It's Women's History Month, folks, and in celebration the National Women's History Project is giving props to quite a few New Jersey natives who have contributed significantly to making this a "greener" world--and as we march with hope into the very green seaon of spring, we thought you, too, might enjoy reading about their achievements. The first honoree, Sylvia Earle, a pre-eminent oceanographer and environmentalist, is featured in a documentary whose first airing was Wednesday evening on PBS called "Journey to Planet Earth: State of the Planet's Oceans". So take a look at how much women from our fair state have added to the ongoing struggle to make a cleaner, greener world to live in. (Check your local listings for channels and times).
Sylvia Alice Earle
Oceanographer and Environmentalist
New Jersey Alaska Hawaii
Sylvia Earle was the first woman chief scientist of the National Oceanic and Atmospheric Administration. She led the investigations of the impact of the burning of Kuwait's oil fields and the devastation caused by the Exxon Vladez in Prince William Sound in Alaska. With a group of other women scientists she lived underwater for 2 weeks to study marine environment and the effects of isolation on humans.
Caroline Rose Foster
1877 - 1977
Farmer; First County Deputy Sheriff; Community Organizer; Benefactor
Caroline Rose Foster created and donated the first outdoor living historical farm in New Jersey, which remains a strong place for learning thirty-years after her death. An environmentalist, she worked to preserve the historic places within the County of Morris, New Jersey including the Morris County Park Commission which preserves 38 county parks and over 17,500 acres of land in northern New Jersey.
Matilda Elizabeth Frelinghuysen
1888 - 1969
Matilda Elizabeth Frelinghuysen, was a philanthropist of the New England Conservatory of Music and a supporter of the Masterworks Chorus. She donated the land for the establishment of the Morris County Free Library. She donated her Whippany Farm Estate of 127 acres so that future generations would be able to enjoy and appreciate the beauty that surrounded what she considered the 'golden age.'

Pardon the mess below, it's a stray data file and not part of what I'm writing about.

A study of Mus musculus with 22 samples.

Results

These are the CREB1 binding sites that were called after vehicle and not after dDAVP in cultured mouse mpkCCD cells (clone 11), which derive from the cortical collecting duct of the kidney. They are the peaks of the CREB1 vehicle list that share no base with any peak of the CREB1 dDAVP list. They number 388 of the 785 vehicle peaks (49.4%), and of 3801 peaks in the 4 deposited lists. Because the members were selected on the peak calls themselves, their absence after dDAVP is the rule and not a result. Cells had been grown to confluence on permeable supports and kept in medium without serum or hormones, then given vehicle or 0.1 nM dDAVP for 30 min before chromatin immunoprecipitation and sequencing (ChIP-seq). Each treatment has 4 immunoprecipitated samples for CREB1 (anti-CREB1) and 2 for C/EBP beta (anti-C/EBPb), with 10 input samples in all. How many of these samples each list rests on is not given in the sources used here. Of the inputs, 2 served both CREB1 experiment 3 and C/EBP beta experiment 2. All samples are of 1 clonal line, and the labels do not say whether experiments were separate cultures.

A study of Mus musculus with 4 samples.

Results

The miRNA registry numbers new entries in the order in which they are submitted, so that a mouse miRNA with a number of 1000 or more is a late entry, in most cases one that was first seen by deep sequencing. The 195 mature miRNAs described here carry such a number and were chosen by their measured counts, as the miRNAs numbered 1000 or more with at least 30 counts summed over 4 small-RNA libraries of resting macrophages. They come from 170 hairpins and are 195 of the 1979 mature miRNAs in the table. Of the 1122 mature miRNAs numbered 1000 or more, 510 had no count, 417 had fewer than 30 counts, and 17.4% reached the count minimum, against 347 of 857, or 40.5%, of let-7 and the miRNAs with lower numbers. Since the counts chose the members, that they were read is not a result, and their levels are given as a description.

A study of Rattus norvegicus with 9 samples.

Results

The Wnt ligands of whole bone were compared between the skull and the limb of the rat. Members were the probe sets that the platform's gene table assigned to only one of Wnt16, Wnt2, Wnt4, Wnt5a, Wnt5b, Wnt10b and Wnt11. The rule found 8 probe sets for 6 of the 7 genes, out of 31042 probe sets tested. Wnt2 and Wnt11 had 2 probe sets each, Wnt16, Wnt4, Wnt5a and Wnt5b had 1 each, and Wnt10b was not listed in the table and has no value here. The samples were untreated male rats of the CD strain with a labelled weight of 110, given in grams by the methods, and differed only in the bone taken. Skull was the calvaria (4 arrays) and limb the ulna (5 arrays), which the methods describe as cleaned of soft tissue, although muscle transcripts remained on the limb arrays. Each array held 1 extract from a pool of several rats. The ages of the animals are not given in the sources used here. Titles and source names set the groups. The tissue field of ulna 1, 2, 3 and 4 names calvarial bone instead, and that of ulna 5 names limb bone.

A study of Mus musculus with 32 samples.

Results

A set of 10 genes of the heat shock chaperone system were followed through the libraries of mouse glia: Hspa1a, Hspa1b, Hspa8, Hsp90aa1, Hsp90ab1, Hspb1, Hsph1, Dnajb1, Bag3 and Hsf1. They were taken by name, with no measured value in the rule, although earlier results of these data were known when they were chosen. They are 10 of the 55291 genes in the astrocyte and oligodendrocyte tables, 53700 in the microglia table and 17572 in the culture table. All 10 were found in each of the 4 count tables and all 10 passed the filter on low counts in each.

Elizabeth Donnell Kay
Nurse, Businesswomen, Charity Worker, Environmentalist
New Jersey Florida
In 1924, Elizabeth Donnell Kay, started a home-based herb mail-order business. By 1932, she was teaching about the importance of preserving native plants and educating farmers about the harmful practice of setting fire to their fields each year after harvest. In 1960, Elizabeth and her husband created the Pine Jog Environmental Sciences Center, which today under the auspices of Florida Atlantic University, 16,000 children visit annually.
Owner/Operator Neptune Farm
This former Wall Street businesswoman looks right at home on her 126-acre organic farm. Torrey "uses grass-fed animals to bring her soil back to life". This advocate of sustainable farming serves as a mentor for new agronomists; establishing strong partnerships with local restaurants, providing her own produce and meats, and tips to prepare them to their maximum culinary potential.
Elizabeth Coleman White
Elizabeth Coleman White grew up on her father's cranberry farm and developed an interest in commercial agriculture. She pioneered the cultivation of the blueberry. Collaborating with Fredrick Coville, she developed develop a commercial blueberry based on the sweetest and hardiest of the wild varieties of blueberries growing in the NJ Pine Barrens. She also helped start the NJ Cooperative Blueberry Association.
Esther Yanai was a giant in New Jersey's conservation movement. A founding member of Save the Environment of Moorestown (STEM), which preserves and protects the community's open space, she was the driving force behind the creation a natural resources inventory (NRI) for the Township and an open space inventory for Moorestown's first Open Space Committee and later the Moorestown Environmental Advisory Committee.